Robert Jan Molenaar DVM, published by Avined
For a number of years now, subclinical necrotic enteritis (SNE) has been found in layers. This intestinal disease results in production losses, due to poor digestion and reduced absorption of nutrients. The disease is not always easily identified in the field, as there are no clear symptoms. Many cases therefore probably go undiagnosed, making it difficult to gain insight into the actual damage caused. That is why Royal GD was commissioned by the poultry sector to examine the impact of this disease in layers.
Subclinical necrotic enteritis (SNE) is the clinically milder, but often economically more harmful version of classic necrotic enteritis (NE). Unlike SNE, NE is regularly found in broilers and turkeys. Both variants are caused by the Clostridium perfringens bacteria. In layers, SNE often presents itself in clearly defined grey to black necrotic foci at the proximal part of the duodenum. These may sometimes merge to colour part of the intestine dark grey.
Study of six layer farms diagnosed with SNE
For the study, the losses at six layer farms diagnosed with SNE were established. The study also examined the impact of SNE on production, and a further analysis was carried out on the Clostridium perfringens strains found. Below are the most notable research results:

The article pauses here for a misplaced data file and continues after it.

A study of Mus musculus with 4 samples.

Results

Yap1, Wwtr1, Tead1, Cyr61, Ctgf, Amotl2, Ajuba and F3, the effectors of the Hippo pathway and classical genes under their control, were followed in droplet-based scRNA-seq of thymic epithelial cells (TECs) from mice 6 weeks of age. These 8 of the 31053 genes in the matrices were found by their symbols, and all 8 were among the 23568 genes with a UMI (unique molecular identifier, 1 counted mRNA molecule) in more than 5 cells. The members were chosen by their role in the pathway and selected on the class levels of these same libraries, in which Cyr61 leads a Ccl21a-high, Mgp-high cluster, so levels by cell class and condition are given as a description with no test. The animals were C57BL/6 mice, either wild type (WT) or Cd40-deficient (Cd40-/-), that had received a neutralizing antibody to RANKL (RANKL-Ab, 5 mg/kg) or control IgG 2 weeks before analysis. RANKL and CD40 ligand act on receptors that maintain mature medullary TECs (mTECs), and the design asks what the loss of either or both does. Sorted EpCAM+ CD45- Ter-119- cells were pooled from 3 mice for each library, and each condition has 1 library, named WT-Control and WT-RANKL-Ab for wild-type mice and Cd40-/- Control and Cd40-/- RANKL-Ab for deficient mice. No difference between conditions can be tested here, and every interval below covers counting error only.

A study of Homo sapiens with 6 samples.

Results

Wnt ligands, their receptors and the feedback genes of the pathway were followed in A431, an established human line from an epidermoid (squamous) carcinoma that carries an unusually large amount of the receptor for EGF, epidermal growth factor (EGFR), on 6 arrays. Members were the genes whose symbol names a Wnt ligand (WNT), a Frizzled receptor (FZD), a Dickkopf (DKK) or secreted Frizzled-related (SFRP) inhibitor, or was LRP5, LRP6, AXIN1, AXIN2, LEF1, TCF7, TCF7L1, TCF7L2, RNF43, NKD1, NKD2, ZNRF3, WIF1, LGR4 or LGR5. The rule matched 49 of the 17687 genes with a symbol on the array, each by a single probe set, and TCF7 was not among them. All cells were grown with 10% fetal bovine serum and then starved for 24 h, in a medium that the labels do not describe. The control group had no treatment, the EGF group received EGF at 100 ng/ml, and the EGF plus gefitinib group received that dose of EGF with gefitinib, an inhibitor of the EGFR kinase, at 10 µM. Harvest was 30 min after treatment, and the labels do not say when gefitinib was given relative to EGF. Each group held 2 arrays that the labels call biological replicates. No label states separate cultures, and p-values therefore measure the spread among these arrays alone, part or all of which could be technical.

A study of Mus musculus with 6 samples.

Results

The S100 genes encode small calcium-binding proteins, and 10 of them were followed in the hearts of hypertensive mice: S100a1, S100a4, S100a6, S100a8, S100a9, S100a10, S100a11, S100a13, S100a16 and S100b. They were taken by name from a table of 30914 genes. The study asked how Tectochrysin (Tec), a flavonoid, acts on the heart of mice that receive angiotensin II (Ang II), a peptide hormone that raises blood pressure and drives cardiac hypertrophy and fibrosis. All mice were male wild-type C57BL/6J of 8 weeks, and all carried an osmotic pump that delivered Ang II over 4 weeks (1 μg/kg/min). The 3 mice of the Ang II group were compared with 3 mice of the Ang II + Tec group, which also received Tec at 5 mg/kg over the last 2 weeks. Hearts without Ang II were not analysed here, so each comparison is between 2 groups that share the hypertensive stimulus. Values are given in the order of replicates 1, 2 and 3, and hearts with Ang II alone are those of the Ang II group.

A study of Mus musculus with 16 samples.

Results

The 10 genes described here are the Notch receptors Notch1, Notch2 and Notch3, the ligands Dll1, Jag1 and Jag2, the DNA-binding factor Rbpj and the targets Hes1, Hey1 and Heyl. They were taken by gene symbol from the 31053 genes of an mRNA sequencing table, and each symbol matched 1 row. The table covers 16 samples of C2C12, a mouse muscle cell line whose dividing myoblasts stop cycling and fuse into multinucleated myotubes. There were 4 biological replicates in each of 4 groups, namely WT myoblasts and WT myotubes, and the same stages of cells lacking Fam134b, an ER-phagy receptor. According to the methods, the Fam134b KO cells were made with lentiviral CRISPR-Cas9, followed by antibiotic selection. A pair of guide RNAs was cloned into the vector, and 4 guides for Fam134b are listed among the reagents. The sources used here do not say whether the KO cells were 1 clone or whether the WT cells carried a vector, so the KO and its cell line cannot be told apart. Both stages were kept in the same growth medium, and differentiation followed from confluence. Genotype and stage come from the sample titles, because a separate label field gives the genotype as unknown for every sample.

- There were increased losses in most flocks during the period around the diagnosis, but on average, egg production and egg weight remained stable.
- The biggest (financial) impact of SNE at the six farms was the number of missed eggs as a result of the increase in mortality. Over a period of up to 70 weeks, this runs up to nine eggs per hen on average.
- The isolated Clostridium perfringens strains were able to produce toxins in all flocks, though the toxins were not the ones expected. The effect of these toxins in practice is unclear. However, the disease does seem to deviate from earlier studies.
Conclusion: complex with individual outbreaks and considerable damage
The study showed that there is a lot of variation between flocks in how the disease presents itself, which means that there may be individual outbreaks of SNE causing considerable damage. Looking exclusively at averages of all the flocks most likely results in a picture that is too optimistic. In short, SNE is a complex disease that requires regular pathological assessment of a flock of layers to be able to diagnose it at an early stage and intervene in time.